Millennials are apparently calling for Secret Santa to be banned as it gives them anxiety, rather than spreading the festive cheer it was intended to.
It’s that time of yeah again where supermarkets roll out their disgusting “Christmas” sandwiches, we’re all made to watch a high-budget trailer for a shop that I’m not sure anyone actually buys anything from and someone hangs some tinsel up from a shelf in your office.
The office Christmas vibe’s a weird one; everyone endeavours to see if those two people will actually get off with each other during the party, people push their luck with working from home and of course, Secret Santa gets rolled out?
What is Secret Santa?
Essentially everyone in the office puts their name into a hat and picks out someone else’s name. They’re then asked to get them a preset – usually something funny – within a certain price range and the idea is to keep whoever you gifted to a secret… No one ever does, though.
It’s a bit of fun, really, and while it can be awkward if you’ve got someone you don’t really know, but have to get a funny present for, it’s never the end of the world unless you have to resort to getting them a tin of celebrations.
But apparently millennials are hugely against the little game.
A survey conducted by job-hunting website, Jobsite, found that younger people in the work place feel under pressure when asked to take part in Secret Santa.
Ignoring the fact that you can quite easily turn down the option to be part of it, many millennials say that the practise should be banned, as it gives them anxiety.
This stems from money being tight as it is, and the fear of “being judged” if they don’t spend enough money on whoever they’ve inadvertently chosen.
The report found that 26% of millennials end up dipping into their overdraft to buy presents for Secret Santa with a further thirty-eight percent saying that they felt anger towards the person who organised the Secret Santa.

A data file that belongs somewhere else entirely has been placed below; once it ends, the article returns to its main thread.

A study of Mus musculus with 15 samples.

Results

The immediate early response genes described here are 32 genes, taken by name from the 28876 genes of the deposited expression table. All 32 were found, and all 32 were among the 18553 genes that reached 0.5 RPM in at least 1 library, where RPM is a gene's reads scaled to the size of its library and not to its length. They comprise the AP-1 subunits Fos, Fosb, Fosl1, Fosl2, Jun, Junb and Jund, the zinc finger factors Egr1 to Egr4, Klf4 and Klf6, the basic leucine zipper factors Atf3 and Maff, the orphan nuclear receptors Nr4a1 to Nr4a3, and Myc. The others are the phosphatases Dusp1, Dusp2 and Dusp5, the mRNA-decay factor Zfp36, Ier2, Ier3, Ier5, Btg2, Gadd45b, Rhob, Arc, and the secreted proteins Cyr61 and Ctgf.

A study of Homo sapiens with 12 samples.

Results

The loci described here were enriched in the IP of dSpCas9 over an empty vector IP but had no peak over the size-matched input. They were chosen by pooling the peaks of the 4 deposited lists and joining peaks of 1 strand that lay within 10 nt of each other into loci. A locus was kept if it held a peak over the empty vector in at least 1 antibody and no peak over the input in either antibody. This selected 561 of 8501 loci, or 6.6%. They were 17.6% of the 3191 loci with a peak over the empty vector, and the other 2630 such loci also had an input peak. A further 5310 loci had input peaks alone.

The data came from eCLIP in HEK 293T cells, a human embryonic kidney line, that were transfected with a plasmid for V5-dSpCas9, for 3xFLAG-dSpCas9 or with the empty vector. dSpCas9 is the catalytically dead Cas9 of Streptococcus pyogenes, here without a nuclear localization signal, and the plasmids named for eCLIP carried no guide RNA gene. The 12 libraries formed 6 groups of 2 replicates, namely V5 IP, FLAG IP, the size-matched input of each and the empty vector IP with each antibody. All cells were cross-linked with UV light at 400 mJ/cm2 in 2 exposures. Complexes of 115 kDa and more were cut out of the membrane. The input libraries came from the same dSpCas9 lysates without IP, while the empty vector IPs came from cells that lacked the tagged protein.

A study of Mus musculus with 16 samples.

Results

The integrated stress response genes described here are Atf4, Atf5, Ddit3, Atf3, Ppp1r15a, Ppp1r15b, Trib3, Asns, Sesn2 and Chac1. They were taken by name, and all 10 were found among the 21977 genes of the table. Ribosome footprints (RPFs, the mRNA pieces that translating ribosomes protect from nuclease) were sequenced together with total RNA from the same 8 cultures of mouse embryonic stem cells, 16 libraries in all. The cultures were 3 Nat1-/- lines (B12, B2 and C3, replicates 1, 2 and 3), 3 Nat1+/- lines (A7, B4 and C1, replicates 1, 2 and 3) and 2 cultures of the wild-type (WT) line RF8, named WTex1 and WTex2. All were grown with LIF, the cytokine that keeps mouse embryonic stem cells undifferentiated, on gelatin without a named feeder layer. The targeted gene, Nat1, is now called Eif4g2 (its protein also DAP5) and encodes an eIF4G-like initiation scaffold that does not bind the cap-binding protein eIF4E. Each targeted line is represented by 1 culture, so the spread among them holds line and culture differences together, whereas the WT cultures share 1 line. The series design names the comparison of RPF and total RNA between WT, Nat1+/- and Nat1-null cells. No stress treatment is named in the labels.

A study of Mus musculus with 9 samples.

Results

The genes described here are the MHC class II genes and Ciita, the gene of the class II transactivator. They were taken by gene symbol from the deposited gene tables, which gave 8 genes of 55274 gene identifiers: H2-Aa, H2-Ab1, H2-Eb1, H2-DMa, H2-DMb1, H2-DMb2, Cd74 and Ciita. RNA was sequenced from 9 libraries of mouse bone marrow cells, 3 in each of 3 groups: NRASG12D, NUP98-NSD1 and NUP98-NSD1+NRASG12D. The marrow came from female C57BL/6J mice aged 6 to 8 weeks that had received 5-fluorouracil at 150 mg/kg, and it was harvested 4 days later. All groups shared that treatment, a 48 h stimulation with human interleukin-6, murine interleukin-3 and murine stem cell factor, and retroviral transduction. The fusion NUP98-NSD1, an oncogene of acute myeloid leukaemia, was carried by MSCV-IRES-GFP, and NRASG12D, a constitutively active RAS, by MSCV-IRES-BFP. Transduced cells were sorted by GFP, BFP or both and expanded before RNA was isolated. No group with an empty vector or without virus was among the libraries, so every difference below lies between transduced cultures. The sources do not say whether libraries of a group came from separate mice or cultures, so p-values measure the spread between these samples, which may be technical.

I mean it’s a very inflammatory headline, isn’t it, and I can only apologise for that.
Now, Dr Ashley Weiberg, a psychology lecturer at the University of Salford, is calling for employers to implement strict spending limits, warning that it could create “stigma” in the workplace.
“The spirit of giving – especially at a seasonal time of exchanging gifts via Secret Santa – is something we’d hope can be expressed in many ways and it’s worth remembering that where this involves financial contributions, not all colleagues have the same disposable income,” she said.
“This can mean that an individual’s contribution or lack of one is labelled ‘stingy’ where actually they may not be in a position to contribute. Clearly this is unfair and creates stigma.”
Millennials were also more like to react sensitively to criticism of their gift, and social media was partly to blame, she said. “That very public nature of things, which again you get on social media, taps into that very basic feeling we have of how we are seen by our fellow humans,” Weinberg told the Telegraph.
“I think there’s the potential for the whole range of human emotions, right from humiliation when you give someone a gift. I think there can be a bit of that and naturally it does lead to anxiety for a lot of people.”
However, she said that giving “guidelines” could help “take the pressure off”: “It would make sense for people to have some guidelines, some kind of boundaries, and actually make those psychological expectations a bit lower.
The last thing millennials need is more bad press, especially when this survey certainly doesn’t speak for most of them. I’m sure there’s people of every generation who can’t be arsed with Secret Santa and I’m sure there are millennials who love it.
I know for certain that it’s millennials who set it up in my office.